CHICAGO (CBS) — A sizable number of young minority voters could find themselves turned away from polling places in November because of new photo ID laws.
As WBBM Newsradio’s Bernie Tafoya reports, a new study says as many as 700,000 young minority voters could be ineligible to vote in less than two months, because they will not have a proper government-issued ID card such as a driver’s license or a passport.READ MORE: New Executive Order Gives More Access To Victims In Alleged Police Misconduct Cases In Chicago
LISTEN: WBBM Newsradio’s Bernie Tafoya reports
In an Associated Press report, U of C expert Cathy Cohen said even the 700,000 estimate is conservative. She told the wire that the figure represents demobilization of 9 to 25 percent, but the number of young people of color without government-issued IDs could be as high as 25 to 50 percent.
The study by Cohen, and by Jon C. Rogowski of Washington University, was released Wednesday by the Chicago-based Black Youth Project. It said the voter ID laws will likely reduce voter turnout significantly among young people of color, as well as sending them away from polling places when they show up without ID.READ MORE: Three Teens Under 16 Arrested After Carjacking, Police Pursuit From Chicago To Indiana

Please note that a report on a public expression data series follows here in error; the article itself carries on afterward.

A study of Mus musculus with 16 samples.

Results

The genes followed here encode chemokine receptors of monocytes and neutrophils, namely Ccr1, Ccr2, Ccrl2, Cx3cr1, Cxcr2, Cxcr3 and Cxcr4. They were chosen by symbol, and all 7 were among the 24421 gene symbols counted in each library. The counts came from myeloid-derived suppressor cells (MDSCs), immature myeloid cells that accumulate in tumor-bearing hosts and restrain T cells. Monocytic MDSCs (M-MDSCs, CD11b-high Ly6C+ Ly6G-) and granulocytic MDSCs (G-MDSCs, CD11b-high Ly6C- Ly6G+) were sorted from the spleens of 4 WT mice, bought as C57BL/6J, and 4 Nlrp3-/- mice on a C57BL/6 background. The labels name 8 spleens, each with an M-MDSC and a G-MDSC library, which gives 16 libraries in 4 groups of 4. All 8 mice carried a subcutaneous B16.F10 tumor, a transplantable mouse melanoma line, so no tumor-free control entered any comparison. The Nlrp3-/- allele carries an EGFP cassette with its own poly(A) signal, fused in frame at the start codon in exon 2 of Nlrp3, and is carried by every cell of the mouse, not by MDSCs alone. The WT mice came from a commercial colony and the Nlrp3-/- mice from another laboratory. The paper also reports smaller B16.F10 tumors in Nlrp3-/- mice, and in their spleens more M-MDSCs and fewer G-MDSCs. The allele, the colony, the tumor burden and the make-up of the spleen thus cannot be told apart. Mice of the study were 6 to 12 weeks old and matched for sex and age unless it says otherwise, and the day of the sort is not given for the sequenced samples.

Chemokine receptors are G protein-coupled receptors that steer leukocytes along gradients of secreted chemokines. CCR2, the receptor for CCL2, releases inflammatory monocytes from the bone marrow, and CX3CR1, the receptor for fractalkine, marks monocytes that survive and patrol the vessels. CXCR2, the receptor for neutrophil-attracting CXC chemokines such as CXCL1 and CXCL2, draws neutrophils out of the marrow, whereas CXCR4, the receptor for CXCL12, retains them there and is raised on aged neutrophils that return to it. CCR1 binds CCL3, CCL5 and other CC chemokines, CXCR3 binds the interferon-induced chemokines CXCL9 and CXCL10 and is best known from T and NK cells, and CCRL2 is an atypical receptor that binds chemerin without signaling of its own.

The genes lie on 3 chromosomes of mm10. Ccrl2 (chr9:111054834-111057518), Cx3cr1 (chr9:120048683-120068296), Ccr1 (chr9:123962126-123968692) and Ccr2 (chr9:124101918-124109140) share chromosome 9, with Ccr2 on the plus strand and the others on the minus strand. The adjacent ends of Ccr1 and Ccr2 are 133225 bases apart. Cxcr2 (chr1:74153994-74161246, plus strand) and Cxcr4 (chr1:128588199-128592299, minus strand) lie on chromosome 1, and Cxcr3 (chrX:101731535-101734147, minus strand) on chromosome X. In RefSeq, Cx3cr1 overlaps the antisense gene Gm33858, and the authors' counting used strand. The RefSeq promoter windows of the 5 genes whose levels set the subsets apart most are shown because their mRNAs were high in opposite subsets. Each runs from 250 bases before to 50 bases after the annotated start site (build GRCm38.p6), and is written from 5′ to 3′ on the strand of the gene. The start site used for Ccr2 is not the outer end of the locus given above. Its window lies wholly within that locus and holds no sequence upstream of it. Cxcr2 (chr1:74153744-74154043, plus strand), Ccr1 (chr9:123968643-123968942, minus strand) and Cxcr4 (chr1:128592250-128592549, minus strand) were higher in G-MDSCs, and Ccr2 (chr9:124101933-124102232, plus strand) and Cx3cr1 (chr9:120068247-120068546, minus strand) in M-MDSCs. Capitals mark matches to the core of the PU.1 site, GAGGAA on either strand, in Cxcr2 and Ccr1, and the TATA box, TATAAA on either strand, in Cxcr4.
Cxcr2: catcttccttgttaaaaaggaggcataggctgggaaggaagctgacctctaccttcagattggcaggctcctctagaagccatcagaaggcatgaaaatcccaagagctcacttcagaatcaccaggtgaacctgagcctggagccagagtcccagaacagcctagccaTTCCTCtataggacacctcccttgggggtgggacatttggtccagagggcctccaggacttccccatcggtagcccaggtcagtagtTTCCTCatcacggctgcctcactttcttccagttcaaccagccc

The study found that in total, the new laws could keep 401,343 young African-American voters away from the polls assuming the turnout in November matches 2004, or 477,050 if the turnout matches 2008.
As many as 190,724 young Latino voters could be kept from the polls assuming 2004 levels, and as many as 256,170 assuming 2008 levels.
As many as 46,017 young Asian-American voter, 6,388 Native American voters, and 2,747 Pacific Islander voters could also be kept away, the study said.
Congressional races and even the presidential race could be affected in some states, according to the study the University of Chicago and Washington University in St. Louis.
Researchers say a large number of minority adults don’t even know about the laws.
Illinois has no voter ID law, but Wisconsin and Indiana both do. Pennsylvania, South Carolina, Georgia, Mississippi and Texas have similar laws either in place or pending before the U.S. Justice Department. Idaho, South Dakota, Michigan, New Hampshire, Alabama, Florida and Louisiana also have voter ID laws, but have limited provisions in place allowing people to vote without ID.